After emergency brain surgery last summer, Megan McCance of Cherry Hill is working to recover motor function and peace of mind by returning to a lifelong hobby.
By Sarah Baldwin | February 17, 2021
Megan McCance of Cherry Hill has been sewing all her life.
From childhood lessons through to her young adulthood, the 23-year-old says she always found it to be a calming way to pass the time.
But last summer, she began to lean into the practice as a way to stitch together her mind and body after her life was derailed by a major medical emergency.
In June 2020, McCance was setting out for Atlantic City when she had a grand mal seizure on her way to her car.
X-rays revealed a large mass on the right frontal lobe of her brain, and neurosurgeons needed to act quickly to remove a cluster of small cysts.
The news, and the suddenness with which it was delivered, was stunning.
McCance wondered how she’d be able to afford an emergency craniotomy, and turned to Twitter to solicit help with the unanticipated medical bills. (Fortunately, her insurance is covering much of them.)
Surgeons were able to successfully remove most of the cysts, and found the remaining ones to be benign; McCance’s doctors are closely monitoring her situation, and she will undergo annual diagnostic MRIs to make sure she remains healthy.
Despite those promising outlooks, the pressure caused by the tumor and the scarring inside her brain left lasting effects on McCance’s quality of life.
“I’ve had issues feeling connected to my body, and with some motor skills since everything happened,” she said.
The surgery also required McCance, who works as a hairstylist, to shave her head. She began wearing hats thereafter, and customized them by hand-sewing patches to each. McCance found the process to be therapeutic.
“I always liked sewing; I took lessons as a kid,” McCance said. “And then, I thought this could be a really good thing to do to connect my hands to my body.”
In addition to helping sharpen her diminished motor skills, McCance discovered that the custom hats were a hit with friends and family, who encouraged her to start an Etsy shop, donating patches so she could sell more of them.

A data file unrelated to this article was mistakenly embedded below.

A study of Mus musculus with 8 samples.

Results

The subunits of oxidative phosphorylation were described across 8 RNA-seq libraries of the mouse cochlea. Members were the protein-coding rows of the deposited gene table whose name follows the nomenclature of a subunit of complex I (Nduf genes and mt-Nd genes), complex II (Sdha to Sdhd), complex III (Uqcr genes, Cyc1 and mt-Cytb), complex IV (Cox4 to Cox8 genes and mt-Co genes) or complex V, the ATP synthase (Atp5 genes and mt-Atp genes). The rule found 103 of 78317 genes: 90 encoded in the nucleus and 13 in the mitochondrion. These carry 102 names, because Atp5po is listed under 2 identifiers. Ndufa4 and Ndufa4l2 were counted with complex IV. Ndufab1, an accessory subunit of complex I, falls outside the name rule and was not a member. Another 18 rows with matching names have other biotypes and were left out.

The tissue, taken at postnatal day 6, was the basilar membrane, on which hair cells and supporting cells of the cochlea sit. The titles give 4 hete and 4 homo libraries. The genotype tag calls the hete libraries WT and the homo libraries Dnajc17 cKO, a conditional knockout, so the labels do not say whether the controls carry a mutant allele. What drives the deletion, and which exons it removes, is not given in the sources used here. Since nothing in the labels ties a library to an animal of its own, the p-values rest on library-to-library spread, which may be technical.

McCance called it Mindful Design. Its inventory includes beanies ($18) and jackets, each adorned with her hand-sewn designs.
The clothing is customized with a variety of artwork, including insects, flowers, and clever sayings, each carefully and thoughtfully applied by hand.
“It’s not about mass-producing,” McCance said. “It’s about sitting there and getting the benefit of being able to use my hands.”
Since starting her shop in January, McCance has created and sold nearly 35 hats to friends, family, and other paying customers, and has customized a number of denim jackets as well.
The Etsy income supplements her income as a stylist, which has been limited to part-time hours amid capacity limits established by the novel coronavirus (COVID-19) pandemic and her own endurance.
But McCance views the process of hand-sewing more as an essential piece of her recovery than as a second job.
“I see my store as a way of connecting my mind and body, and less as a source of income,” she said.
McCance is especially grateful for the outpouring of community support her shop has received.
“It’s been cool to see all these local people who I don’t even know comment on my story. It shows you that there are really good people, especially in this area,” she said.
“To have people respond with such positivity has been amazing.”